A LOOK AT GOLF’S ATHLETICISM & COMPETITIVENESS

By Art Stevens

I love golf. You may not believe that statement as you read on, but you would be wrong. This paper is not meant to put down golf as a competitive sport, but rather, to show that the lack of defense against each golf shot removes the athletic competition that we see in all of the other major sports. Think about it. If there were to be any defense against each golf shot, it would then be similar to baseball, football, etc., all of which have a very high degree of athleticism and competitiveness. Let’s take them one at a time.

Athleticism in golf? Surely you can’t be serious. Any one of us can be put into the golfers position and be just as athletic. The difference is in the skill they have accumulated in developing their game, and they have done that on a level that equals or exceeds most players in the other major sports.

Competitiveness? Yes, certainly there is competitiveness in golf, but to my way of thinking, there are different levels of competitiveness. What I am trying to get across is the degree of that competitiveness that includes the players’ ability to dominate the game by inflicting his own play directly against his opponent. In golf, that is impossible. You play your game to the best of your ability; your opponent does the same; the lowest score wins. Is there ANY competitiveness in golf? Sure there is, but it’s all mental i.e. ‘I’m better than that guy; I’ll make this shot; I can beat him.’ Well, that’s all true, but the fact is: there’s nothing you can do about your opponents play. Just sit back and watch. You can’t do anything to beat him, except to finish the round with fewer strokes. What you are really fighting out there is yourself; your ability to make your shots; and the golf course. Yes, you may think of your opponent throughout the round, but he will not affect your final score. That comes from you, and you alone.

The lack of direct interaction against a live opponent leaves only the result of each shot as the finished product of yours and your opponent’s efforts. This very thought links golf to games such as poker, and, (though not a competitive sport), horse (in basketball.) Any competitiveness in golf is of a psychological nature, and even that is within yourself, and has nothing to do with your opponent. I’ve laid out a chart (below) in which I list what I think would be the ratings for skill, athleticism, and competitiveness for each of the sports with 1 being the worst and 5 being the best (feel free to inject your own numbers.) There is not a single sport listed below (in the upper group) that would fall into the description I’ve made above.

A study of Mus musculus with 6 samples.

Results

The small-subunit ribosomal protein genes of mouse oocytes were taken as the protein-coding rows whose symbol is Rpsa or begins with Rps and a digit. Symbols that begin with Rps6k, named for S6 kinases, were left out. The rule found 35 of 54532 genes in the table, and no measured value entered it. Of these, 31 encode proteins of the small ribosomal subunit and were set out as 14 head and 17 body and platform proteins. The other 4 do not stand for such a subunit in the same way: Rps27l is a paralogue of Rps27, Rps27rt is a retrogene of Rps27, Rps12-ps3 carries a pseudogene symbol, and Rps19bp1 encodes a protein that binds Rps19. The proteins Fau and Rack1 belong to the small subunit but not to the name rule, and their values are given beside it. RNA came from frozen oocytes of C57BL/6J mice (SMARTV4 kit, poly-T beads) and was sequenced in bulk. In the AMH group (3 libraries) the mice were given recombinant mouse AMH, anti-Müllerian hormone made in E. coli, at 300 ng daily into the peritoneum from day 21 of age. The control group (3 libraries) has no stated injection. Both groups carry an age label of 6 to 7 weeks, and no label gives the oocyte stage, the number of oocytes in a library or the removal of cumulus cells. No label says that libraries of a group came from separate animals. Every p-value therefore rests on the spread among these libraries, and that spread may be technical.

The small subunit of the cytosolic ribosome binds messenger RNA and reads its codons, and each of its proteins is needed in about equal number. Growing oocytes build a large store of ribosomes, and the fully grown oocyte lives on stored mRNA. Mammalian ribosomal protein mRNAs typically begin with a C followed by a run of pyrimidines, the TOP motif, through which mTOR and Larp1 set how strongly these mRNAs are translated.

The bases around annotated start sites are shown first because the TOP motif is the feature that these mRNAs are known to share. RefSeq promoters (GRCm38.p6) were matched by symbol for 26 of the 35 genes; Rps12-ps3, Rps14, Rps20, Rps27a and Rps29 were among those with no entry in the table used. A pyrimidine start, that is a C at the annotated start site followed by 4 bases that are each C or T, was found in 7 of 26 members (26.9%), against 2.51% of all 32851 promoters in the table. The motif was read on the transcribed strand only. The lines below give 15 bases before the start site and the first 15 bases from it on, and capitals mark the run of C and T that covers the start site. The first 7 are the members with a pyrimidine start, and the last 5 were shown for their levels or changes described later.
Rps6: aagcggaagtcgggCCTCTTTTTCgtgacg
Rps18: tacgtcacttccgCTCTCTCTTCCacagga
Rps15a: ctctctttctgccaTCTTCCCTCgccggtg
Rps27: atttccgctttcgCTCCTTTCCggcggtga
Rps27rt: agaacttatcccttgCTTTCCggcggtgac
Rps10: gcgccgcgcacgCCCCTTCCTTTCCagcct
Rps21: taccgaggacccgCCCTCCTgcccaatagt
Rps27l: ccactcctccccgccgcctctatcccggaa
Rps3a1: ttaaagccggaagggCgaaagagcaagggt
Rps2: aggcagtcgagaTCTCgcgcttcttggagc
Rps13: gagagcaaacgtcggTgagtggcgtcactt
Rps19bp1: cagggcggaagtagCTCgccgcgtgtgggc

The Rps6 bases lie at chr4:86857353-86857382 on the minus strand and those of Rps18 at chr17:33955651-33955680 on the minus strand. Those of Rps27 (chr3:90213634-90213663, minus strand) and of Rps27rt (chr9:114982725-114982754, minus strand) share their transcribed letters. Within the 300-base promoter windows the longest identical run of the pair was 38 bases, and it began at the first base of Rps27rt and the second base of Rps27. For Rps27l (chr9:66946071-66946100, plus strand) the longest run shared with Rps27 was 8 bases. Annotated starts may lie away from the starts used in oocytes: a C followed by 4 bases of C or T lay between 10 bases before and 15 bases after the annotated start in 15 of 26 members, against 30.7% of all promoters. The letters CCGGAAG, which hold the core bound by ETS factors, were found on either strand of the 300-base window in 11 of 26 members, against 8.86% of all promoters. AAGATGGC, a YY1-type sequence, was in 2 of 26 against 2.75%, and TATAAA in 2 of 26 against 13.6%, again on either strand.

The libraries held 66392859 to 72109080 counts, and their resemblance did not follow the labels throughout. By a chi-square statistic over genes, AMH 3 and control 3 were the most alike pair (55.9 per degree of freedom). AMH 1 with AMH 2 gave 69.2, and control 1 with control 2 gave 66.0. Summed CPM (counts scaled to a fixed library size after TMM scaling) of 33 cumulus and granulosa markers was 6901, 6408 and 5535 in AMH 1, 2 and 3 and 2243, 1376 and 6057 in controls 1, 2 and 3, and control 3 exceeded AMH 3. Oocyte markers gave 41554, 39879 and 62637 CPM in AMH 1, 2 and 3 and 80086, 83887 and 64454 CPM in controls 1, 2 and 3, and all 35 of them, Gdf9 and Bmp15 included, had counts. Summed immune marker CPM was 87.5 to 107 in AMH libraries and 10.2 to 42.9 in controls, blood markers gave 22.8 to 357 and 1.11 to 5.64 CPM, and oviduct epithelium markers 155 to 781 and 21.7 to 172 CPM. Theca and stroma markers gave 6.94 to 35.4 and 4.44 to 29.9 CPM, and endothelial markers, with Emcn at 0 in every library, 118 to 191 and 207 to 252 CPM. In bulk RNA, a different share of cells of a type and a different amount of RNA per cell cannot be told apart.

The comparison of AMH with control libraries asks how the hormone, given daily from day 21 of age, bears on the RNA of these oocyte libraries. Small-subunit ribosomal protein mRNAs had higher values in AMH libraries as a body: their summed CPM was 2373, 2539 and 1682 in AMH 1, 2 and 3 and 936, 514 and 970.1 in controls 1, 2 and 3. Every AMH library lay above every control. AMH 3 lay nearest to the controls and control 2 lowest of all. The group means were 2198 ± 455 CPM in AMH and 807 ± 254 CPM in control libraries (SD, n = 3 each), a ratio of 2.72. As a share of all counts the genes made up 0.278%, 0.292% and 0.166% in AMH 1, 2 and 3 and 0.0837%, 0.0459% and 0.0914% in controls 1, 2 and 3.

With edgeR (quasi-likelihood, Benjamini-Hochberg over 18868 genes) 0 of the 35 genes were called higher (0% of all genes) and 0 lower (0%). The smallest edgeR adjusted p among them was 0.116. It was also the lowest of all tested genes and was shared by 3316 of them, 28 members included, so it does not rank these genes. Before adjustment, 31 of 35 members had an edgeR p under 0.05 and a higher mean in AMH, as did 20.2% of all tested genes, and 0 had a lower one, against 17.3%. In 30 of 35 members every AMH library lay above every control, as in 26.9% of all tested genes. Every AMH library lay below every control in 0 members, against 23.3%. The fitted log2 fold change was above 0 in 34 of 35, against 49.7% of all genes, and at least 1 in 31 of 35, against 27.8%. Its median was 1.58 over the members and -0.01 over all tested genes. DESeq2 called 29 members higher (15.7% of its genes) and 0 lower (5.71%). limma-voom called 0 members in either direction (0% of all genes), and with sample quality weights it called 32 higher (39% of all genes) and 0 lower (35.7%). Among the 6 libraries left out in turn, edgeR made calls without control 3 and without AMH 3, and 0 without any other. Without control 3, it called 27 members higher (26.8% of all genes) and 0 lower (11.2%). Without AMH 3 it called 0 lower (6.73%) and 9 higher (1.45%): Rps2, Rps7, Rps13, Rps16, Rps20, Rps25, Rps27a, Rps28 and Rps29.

SPORT SKILL ATHLETICISM COMPETITIVENESS

SPORT

SKILL

ATHLETICISM

COMPETITIVENESS

Baseball

5

5

5

Football

5

5

5

Basketball

5

5

5

Soccer

5

5

5

Hockey

5

5

5

Tennis

5

5

5

Golf

5

2

4

Poker

3

0

0

Pool

4

1

0

Tiddlywinks

2

0

0

 

The only difference between poker and golf (and I certainly think it is a significant difference), is that in golf you are outdoors, and have to walk (unimpeded), three or four miles from hole to hole (therefore, the low degree of athleticism), and then think out and execute each shot (therefore, the high degree of skill.) But, given all of that; at the end, in golf as in poker, you show your results and you win or you lose. There is never a direct interaction against an opponent.

This qualifies golf as great entertainment, and lots of fun to play, and (for some) to watch… as does poker. But it certainly disqualifies it and it’s players in relation to athleticism and competitiveness. The direct point being made is the head to head (direct) interaction between a player and his opponent. In baseball, football, basketball, soccer, hockey, tennis, and others, the player physically reacts to his opponent. In golf, the player takes a shot… takes another shot… takes another shot. They are all taken with a great degree of skill. No opponent… except in his head.

In conclusion, please understand that when the major tournaments are played, I am glued to my plasma, enjoying the spectacular picture and the great skill on display. The professional golfer is a very gifted sportsman that has honed his skill in hitting a golf ball with precision. That is to be commended, as there are very few people with that special skill. However, this should in no way be construed as meaning that the golfer is an athlete in the true sense of the word. Please don’t let me see a golfer, as great as he may be in his sport, being considered as the athlete of the year. To be considered an athlete, the player must have a physical opponent and have direct interaction against him.